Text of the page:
New College of the Humanities

Tuesday, June 07, 2011

I'm not entirely sure how I feel about A.C. Grayling's brainchild, the New College of the Humanities. On the face of it, its £18 000 a year fees smack of elitism; the left-wing academic Terry Eagleton has described it as "odious." However, by assembling a glittering array of Professors and teaching staff such as Richard Dawkins and David Cannadine, the College seems to be seeking to be an elite institution, equivalent to Oxford and Cambridge, or the Ivy League, where comparable bodies of internationally-renowned academics already exist. And as their US counterparts already do, Oxford and Cambridge would quite happily charge £18 000 a year for this privilege were the government to allow them.

Grayling's New College is, then, simply a dystopian vision of where the coalition's privatisation of Higher Education will lead us in five or ten years time, when the cap on fees will, no doubt, be lifted altogether for our top-level institutions. The fault lies in the principle of privatisation that has been instigated by the government, not the consequences which Grayling is now seeking to put into practice.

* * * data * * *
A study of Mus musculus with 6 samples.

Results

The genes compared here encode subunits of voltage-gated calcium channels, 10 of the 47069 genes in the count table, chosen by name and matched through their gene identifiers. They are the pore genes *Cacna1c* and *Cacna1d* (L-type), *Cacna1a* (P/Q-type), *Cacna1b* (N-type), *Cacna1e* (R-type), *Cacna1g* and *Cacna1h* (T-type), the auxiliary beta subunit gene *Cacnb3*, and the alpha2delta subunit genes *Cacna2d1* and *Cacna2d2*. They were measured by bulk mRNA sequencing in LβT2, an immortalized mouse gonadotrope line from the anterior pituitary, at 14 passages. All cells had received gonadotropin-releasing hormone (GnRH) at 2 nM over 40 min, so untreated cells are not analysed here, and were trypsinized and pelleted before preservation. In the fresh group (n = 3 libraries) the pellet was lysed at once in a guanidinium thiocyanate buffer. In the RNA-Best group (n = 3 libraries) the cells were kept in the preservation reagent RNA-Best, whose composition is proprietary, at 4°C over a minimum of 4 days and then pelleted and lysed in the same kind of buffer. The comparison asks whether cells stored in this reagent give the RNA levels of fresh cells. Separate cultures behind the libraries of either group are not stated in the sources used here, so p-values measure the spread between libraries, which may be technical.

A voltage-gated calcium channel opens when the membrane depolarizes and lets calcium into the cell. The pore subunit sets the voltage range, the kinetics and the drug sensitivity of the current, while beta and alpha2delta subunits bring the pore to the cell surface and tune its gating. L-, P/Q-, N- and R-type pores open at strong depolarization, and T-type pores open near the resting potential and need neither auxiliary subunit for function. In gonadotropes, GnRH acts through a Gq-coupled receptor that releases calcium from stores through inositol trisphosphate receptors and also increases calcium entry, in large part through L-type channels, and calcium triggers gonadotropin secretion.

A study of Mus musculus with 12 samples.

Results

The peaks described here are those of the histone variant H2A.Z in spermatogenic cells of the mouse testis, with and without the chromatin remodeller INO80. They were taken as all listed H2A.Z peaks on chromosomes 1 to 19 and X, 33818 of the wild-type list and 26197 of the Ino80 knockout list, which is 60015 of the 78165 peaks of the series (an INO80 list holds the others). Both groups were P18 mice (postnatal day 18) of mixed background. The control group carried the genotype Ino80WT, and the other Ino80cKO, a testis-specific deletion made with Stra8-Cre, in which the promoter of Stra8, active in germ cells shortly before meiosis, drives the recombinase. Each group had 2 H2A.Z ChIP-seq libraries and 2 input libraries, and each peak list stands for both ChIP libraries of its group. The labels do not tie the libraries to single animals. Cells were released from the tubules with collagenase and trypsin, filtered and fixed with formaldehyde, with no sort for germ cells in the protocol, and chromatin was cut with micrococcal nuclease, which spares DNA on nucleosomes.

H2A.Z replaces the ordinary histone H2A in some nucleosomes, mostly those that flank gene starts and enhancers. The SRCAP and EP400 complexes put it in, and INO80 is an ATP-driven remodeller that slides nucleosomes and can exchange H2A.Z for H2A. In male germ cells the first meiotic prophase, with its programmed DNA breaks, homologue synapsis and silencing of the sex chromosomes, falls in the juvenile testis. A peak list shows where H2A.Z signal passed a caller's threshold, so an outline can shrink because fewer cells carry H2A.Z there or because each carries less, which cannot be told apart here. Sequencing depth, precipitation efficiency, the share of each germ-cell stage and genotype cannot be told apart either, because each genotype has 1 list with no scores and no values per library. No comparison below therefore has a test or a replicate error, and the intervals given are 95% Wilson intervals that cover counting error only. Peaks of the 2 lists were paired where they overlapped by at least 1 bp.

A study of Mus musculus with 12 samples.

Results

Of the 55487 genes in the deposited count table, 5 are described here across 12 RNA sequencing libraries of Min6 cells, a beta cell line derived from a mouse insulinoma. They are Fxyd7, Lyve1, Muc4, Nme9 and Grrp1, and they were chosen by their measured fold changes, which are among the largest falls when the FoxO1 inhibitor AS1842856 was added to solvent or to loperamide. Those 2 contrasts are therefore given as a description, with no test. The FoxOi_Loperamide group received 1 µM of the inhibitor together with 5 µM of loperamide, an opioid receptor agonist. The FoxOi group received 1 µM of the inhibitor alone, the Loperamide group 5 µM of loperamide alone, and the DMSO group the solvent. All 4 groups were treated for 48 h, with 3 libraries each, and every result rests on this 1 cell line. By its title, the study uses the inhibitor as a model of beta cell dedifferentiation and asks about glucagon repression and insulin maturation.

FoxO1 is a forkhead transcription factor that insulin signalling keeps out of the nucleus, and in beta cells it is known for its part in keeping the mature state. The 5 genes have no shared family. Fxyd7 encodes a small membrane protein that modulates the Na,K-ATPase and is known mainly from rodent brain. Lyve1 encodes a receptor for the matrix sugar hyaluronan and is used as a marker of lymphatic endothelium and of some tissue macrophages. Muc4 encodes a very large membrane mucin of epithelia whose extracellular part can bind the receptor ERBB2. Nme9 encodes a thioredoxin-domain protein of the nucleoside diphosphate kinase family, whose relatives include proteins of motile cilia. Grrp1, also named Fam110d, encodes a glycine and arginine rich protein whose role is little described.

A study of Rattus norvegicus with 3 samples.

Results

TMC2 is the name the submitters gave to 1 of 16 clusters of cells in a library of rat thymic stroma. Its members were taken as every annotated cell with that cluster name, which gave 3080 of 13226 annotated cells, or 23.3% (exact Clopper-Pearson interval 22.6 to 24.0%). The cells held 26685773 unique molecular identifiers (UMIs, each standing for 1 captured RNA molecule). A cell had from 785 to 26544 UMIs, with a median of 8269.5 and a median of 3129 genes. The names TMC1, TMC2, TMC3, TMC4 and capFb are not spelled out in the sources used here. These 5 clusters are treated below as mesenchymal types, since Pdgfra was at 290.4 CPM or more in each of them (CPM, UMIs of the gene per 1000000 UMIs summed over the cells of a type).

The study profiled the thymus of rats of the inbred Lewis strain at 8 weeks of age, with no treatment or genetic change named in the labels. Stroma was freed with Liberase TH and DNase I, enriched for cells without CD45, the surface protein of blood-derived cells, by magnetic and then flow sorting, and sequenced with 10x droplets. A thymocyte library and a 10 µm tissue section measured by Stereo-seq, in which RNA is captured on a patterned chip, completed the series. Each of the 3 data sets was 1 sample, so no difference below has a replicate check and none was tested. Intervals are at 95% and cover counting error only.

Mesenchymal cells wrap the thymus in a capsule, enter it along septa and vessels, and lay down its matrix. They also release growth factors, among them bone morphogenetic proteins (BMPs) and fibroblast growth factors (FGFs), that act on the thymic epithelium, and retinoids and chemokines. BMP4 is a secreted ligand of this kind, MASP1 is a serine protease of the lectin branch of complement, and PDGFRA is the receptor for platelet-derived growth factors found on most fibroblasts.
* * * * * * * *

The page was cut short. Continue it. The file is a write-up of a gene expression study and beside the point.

Let's not be naive about this. Of course, the headline Professors of the New College of Humanities will likely pop over for morning coffee only once a year, gracing the prospectus but rarely to be seen inside a tutorial room. But then that's not wholly different to how the US system currently works, with star, tenured academics giving a few headline lectures and adjunct, doctoral or postdoctoral staff doing the bulk of the teaching week to week. And it's not unlike what will presumably happen in the UK system, with part time, temporarily contracted teaching staff responding on an ad hoc basis to student - sorry, consumer - numbers. Again, Grayling's new model institution is a precursor of what is to come.

And, on this basis, a part of me can't quite help admiring the fact that in the post-Browne climate where the arts and humanities are generally deemed to be of no economic worth, Grayling is sticking two fingers up to the economists by asserting the value, both financial and humanistic, of a liberal arts education. Combining studies in the conventional humanities with required courses in Science Literacy, Logic and Critical Thinking, and Applied Ethics, the New College of the Humanities might - just might - demonstrate that the arts and humanities have a role to play as the applied sciences of human life.

The economics of class in Charles Dickens, the lessons of the history of the Crusades in the era of Islamic terrorism, metaphor and simile in scientific communication. Maybe, just maybe, and in an ironic and paradoxical way, the New College of the Humanities offers us a vision not only of the decline of the public university in the twenty-first century, but also of the reassertion of the liberal arts education that underpinned the first mass expansion of universities in the nineteenth century.